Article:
10 highly lucrative collectibles
If you want to make money off your hobby, here are some things you might try collecting.
Example in point. The seller of that Railroad lantern was further ahead to accept the $10K off-eBay offer than to say "let's try eBay" and get $11,211. Not only does he get LESS after commissions, he may also get a nice surprise from PayPal in the form of a 1099K statement as reported income.
Just because something is old does not make it valuable. I scour the auction, flea market, yard sale and thrift stores for items to resell. My "best" resale - purchased a box of comics at an auction for $1.00 each - inside were 1st and 2nd issues of The Walking Dead comics, Oct 2003, 10 issues of each, graded at 8.5 or better. Total purchase price $20.00 - sold 1 held on to the rest, BTW SOLD FOR $1450.00
I do get a lot of "this is really old, is it worth anything?", more often the not the answer is "not really". Unfortunately with the "reality" shows, Pawn Stars, Storage Wars, American Pickers... people think what old Aunt Mimmie owned is really valuable - like everything else on TV it is made for entertainment and more often then not, what they say the can sell something for and what is actually sells for is something else. Ebay is another animal, people tell me "I saw ...., on ebay and it was selling for $200, I'll sell it to you for $100". I use the example of a sheet of paper, if I put it on ebay for $10, it does not mean I will sell it for $10 and a ream of paper is not worth $500. To determine the value never check what things are selling for, check what they sold for and remember that what something sold for is just a snap shot in time and may not be the true value of an item, it may just be the value to someone who wanted it really bad at that moment. I gave rocking horse banks to my daughters and purchase the same banks for my grandchildren, are they worth what I paid for them, to someone else I paid to much, but I wanted them.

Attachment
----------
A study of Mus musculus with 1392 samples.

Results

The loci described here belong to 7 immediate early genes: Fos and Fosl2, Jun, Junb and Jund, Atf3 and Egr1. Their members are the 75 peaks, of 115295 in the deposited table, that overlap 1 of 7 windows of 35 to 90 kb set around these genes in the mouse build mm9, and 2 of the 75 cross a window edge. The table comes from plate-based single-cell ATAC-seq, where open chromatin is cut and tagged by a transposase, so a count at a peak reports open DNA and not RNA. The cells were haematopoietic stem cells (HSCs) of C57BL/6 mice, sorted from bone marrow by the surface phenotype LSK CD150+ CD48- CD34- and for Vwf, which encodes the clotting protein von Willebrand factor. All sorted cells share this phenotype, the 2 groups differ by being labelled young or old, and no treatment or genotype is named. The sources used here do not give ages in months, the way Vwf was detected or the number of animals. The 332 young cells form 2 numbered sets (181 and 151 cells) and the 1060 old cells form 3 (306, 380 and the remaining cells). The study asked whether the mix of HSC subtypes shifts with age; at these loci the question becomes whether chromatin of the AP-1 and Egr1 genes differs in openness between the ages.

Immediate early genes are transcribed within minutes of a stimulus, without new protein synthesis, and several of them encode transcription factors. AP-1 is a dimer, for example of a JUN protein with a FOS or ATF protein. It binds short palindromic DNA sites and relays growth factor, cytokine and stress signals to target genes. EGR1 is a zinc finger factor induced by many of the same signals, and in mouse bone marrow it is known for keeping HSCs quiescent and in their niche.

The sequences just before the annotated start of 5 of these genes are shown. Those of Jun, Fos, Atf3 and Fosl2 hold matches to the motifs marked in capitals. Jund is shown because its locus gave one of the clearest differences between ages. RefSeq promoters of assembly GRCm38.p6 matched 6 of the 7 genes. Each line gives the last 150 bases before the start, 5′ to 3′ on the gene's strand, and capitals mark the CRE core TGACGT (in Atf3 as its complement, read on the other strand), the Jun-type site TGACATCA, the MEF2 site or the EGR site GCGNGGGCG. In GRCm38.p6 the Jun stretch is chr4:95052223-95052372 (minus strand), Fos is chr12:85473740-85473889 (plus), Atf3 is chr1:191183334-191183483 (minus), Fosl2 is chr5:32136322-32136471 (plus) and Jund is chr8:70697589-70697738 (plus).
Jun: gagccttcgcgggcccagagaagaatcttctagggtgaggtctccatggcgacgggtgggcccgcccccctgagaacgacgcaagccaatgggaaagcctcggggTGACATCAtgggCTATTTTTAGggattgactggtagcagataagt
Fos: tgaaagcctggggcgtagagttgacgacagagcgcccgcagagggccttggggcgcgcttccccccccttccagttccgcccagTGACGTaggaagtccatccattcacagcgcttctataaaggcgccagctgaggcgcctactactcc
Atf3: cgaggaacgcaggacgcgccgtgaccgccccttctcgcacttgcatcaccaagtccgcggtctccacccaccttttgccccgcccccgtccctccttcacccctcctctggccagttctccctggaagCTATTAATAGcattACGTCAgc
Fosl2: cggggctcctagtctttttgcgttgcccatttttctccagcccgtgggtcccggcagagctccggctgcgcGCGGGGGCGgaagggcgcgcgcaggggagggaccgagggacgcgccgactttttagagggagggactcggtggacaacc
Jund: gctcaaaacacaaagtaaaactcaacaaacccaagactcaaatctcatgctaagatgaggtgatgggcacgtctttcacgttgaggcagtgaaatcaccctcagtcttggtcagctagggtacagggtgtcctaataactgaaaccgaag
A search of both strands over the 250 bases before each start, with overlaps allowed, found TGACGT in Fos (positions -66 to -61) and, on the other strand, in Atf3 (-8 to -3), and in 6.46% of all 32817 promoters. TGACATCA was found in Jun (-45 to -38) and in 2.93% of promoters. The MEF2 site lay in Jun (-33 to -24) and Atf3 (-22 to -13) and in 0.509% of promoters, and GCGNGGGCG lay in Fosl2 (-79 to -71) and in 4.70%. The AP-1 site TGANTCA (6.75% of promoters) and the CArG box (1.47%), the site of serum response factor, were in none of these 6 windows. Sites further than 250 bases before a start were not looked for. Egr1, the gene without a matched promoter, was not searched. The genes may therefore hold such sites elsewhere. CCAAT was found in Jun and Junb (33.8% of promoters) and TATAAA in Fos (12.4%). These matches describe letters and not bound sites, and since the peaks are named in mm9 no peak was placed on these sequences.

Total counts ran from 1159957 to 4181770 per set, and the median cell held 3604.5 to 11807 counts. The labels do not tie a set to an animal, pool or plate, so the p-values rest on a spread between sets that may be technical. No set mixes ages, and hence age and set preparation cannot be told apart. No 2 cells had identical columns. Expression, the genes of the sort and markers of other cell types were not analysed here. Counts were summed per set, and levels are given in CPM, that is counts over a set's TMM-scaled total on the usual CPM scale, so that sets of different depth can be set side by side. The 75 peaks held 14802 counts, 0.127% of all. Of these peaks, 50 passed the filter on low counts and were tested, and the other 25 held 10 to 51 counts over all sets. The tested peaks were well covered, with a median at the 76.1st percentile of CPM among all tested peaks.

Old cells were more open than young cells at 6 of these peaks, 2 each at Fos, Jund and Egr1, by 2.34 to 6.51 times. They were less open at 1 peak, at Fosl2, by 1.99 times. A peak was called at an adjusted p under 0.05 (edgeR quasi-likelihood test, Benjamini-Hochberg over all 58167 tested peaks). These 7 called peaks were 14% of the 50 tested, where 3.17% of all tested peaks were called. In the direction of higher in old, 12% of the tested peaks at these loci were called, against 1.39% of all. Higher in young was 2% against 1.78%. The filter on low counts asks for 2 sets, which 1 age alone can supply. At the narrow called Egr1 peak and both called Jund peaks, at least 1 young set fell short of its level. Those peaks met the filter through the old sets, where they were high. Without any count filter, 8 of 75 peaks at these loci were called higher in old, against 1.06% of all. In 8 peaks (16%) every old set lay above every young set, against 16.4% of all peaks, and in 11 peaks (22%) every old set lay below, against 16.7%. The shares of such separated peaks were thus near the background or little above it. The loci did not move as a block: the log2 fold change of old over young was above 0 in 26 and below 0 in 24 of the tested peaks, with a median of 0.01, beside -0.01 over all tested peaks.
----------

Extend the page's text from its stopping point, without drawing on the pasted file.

They treat their sellers like dirt.
If you ever have an issue, and call customer service, chances are they will flat out lie to you about what they are going to do to help you.
When you try to follow up with a promise some customer service rep said they would do, you will never be able to speak to the same one twice. If you call them enough and get upset, they will do their best to get you kicked off or suspended and make you grovel to be let back on with probation. If buyers give you low ratings (which is kept private from the seller) then eBay may decide to hold your paypal funds for 3 weeks while you are on some sort of probation.
They have ruined my life a few times, since I was relying on sales through them to pay my bills when I was between jobs.
If there was a decent competitor , I would sell there immediately .
I hope the CEO (the 3rd highest paid on the planet) rots in hell for the way his policies hurt 'the little people'.
"This bed goes back to Louis the sixteenth!"
"Awe, that's nothing, we had a bed that went back to Montgomery Wards on the eleventh".
Three Stooges, circa 1930.
How'r those Beanie Babies doing?
I collect coffee-brewing devices. Dripolators, moka pots, percolators, pour-overs...I have about 30. And I use them. I don't collect them because of some misguided idea they'll be worth something someday. I know they won't. I collect them because I love *good* coffee, and I use them. It's gotten to where I can't stomach store-bought swill anymore. I had a fairly impressive coin collection once, but I passed that on to my oldest grandson.
I collect for personal pleasure, not greed.